Civil Society, Politics

Holyrood, charities and culture war

Photo of piper outside Scottish Parliament

On 6 May Scotland will elect a new parliament. But you’re forgiven for not noticing, given the lack of visible campaigning caused by the current COVID-19 pandemic. I’ve seen just one TV debate; and had a bundle of leaflets drop to the floor with my post (seven in one day!).

But do the five parties represented at Holyrood have anything to say to the third sector in this election?

The answer is clearly yes; and there is a fair amount of agreement. Indeed, at a hustings event held on 8 April organised by SCVO, the party leaders all said that multi-year funding is needed to provide stability and allow the sector to plan ahead with greater certainty.

This is significant; and no doubt will be welcomed by everyone in Scotland’s third sector. But it comes at a time when some charities face continued criticism from politicians based down in Westminster.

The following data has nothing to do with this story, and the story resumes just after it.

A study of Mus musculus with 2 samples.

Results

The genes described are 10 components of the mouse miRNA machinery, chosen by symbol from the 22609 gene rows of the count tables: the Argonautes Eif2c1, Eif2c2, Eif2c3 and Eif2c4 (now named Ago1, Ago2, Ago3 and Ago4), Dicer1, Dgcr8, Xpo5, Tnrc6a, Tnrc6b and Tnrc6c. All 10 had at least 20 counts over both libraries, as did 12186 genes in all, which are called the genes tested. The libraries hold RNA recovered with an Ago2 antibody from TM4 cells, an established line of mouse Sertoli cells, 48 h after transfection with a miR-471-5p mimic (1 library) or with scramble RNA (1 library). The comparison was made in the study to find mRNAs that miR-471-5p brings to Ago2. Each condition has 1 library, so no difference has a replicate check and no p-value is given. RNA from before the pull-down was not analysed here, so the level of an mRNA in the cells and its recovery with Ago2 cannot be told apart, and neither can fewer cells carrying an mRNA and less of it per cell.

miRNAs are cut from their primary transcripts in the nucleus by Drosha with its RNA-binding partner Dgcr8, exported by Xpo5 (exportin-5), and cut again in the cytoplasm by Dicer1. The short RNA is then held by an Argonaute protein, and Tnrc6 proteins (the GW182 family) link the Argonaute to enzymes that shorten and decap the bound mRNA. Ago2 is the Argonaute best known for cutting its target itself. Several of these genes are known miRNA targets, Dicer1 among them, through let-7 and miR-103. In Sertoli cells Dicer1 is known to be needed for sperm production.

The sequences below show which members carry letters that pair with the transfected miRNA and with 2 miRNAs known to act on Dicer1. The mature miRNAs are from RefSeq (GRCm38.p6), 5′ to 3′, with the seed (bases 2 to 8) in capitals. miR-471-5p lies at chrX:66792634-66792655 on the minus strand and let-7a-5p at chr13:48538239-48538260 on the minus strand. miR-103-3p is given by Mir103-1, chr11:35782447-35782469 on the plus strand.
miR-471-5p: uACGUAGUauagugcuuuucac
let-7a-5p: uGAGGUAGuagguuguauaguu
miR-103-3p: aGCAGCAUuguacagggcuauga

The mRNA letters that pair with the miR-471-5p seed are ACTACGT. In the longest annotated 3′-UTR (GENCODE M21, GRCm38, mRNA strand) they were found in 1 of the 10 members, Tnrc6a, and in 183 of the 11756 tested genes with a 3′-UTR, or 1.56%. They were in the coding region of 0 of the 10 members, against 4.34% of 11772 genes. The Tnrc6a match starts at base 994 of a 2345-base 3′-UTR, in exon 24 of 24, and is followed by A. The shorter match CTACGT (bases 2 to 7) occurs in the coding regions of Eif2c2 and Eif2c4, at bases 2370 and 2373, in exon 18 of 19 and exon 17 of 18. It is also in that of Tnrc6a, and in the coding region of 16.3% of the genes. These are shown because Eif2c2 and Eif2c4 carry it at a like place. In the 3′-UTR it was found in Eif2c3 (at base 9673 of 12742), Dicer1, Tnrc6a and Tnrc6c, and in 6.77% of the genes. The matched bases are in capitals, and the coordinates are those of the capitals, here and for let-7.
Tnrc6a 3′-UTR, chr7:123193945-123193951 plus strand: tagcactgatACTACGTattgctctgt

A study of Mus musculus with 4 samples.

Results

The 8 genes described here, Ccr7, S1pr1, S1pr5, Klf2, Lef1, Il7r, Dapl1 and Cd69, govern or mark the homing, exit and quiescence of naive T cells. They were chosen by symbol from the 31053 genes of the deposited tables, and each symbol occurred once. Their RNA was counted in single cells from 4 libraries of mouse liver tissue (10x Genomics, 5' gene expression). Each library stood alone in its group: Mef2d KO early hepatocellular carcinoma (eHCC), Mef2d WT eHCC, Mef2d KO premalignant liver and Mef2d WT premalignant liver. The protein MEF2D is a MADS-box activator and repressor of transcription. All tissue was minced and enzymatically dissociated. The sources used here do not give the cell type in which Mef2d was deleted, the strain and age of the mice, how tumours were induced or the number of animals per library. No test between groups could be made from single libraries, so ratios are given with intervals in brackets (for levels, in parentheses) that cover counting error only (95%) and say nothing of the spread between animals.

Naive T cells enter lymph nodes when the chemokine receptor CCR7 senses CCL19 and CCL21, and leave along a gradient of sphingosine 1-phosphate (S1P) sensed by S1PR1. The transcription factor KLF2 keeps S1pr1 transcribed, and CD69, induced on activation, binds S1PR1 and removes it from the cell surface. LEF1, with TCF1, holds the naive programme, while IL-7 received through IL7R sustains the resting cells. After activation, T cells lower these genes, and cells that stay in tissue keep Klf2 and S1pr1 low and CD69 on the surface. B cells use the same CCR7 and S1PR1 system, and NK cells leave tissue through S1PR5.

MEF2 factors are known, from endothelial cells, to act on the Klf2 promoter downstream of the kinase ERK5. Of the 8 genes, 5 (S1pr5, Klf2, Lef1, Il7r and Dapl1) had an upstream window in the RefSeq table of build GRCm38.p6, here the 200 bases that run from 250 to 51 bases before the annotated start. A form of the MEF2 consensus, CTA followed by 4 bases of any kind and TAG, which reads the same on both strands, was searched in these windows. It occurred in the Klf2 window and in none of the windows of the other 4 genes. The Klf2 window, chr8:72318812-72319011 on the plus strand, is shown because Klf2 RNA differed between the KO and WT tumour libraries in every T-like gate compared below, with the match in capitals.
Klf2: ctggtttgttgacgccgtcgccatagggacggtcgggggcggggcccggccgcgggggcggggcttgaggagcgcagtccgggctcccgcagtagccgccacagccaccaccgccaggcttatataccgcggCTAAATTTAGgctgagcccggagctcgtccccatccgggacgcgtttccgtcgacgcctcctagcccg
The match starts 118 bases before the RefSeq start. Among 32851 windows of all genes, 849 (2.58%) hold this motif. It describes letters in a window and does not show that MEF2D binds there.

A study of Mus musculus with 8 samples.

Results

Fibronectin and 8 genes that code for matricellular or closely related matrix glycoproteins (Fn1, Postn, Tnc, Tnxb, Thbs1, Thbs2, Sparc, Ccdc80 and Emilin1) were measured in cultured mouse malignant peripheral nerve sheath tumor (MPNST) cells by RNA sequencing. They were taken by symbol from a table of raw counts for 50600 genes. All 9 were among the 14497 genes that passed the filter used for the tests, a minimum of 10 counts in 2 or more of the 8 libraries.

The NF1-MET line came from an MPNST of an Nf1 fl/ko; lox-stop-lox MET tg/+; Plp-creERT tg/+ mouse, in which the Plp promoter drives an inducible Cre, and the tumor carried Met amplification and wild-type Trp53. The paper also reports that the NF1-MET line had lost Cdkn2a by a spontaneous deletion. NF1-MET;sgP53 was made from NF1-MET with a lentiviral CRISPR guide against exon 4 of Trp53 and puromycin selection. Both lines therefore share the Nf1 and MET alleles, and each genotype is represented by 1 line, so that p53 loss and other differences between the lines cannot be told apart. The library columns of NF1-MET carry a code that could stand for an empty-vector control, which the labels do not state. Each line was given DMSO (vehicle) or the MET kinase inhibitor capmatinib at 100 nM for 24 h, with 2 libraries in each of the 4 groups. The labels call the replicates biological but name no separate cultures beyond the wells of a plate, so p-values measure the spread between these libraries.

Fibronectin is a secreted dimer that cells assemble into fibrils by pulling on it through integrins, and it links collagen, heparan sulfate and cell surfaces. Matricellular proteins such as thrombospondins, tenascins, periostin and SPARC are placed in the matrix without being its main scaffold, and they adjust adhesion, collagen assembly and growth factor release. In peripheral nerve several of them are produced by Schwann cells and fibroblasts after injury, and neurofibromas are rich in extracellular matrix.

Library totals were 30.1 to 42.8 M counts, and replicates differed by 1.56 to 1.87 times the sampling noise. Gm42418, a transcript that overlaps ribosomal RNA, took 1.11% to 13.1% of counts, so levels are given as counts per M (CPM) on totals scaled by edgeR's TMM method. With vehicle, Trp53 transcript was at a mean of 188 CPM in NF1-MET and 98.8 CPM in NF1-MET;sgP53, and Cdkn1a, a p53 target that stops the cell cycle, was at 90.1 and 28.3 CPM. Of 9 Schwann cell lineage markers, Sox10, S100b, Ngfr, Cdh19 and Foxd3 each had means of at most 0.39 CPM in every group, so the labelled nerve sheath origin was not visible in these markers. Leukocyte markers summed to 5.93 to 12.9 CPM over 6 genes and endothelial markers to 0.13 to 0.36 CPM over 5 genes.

Indeed, a number of high profile organisations have drawn fire from MPs for taking positions on issues such as anti-racism and slavery.

Twenty conservative MPs complained to the Charities Commission (England and Wales) about the Runnymede Trust for criticising the Sewell Report, with one MP asking the government to stop the “worthless work…of organisations that are promulgating weird woke ideas…”

Earlier, in March, the Charity Commission ruled that it had no grounds for regulatory action against the National Trust. This follows criticism of some research commissioned last year by the Trust into its links with colonialism. They were one of 25 organisations summoned to meet the culture secretary Oliver Dowden to discuss how they represent British History.

Earlier still, back in November 2020, the now former chair of the Charity Commission, Baroness Stowell, herself a tory peer, warned the sector that “whoever is tempted to use charities as another front on which to wage broader political struggles should be careful.”

And last year twelve Tory MPs called on the Charity Commission to investigate a Barnardo’s blog article discussing white privilege.

Of course, MPs are entitled to raise questions about whether charities are following the rules. But in my view, it does seem driven more by political indignation than by reason. By trying to silence charity voices, these MPs are crossing the line.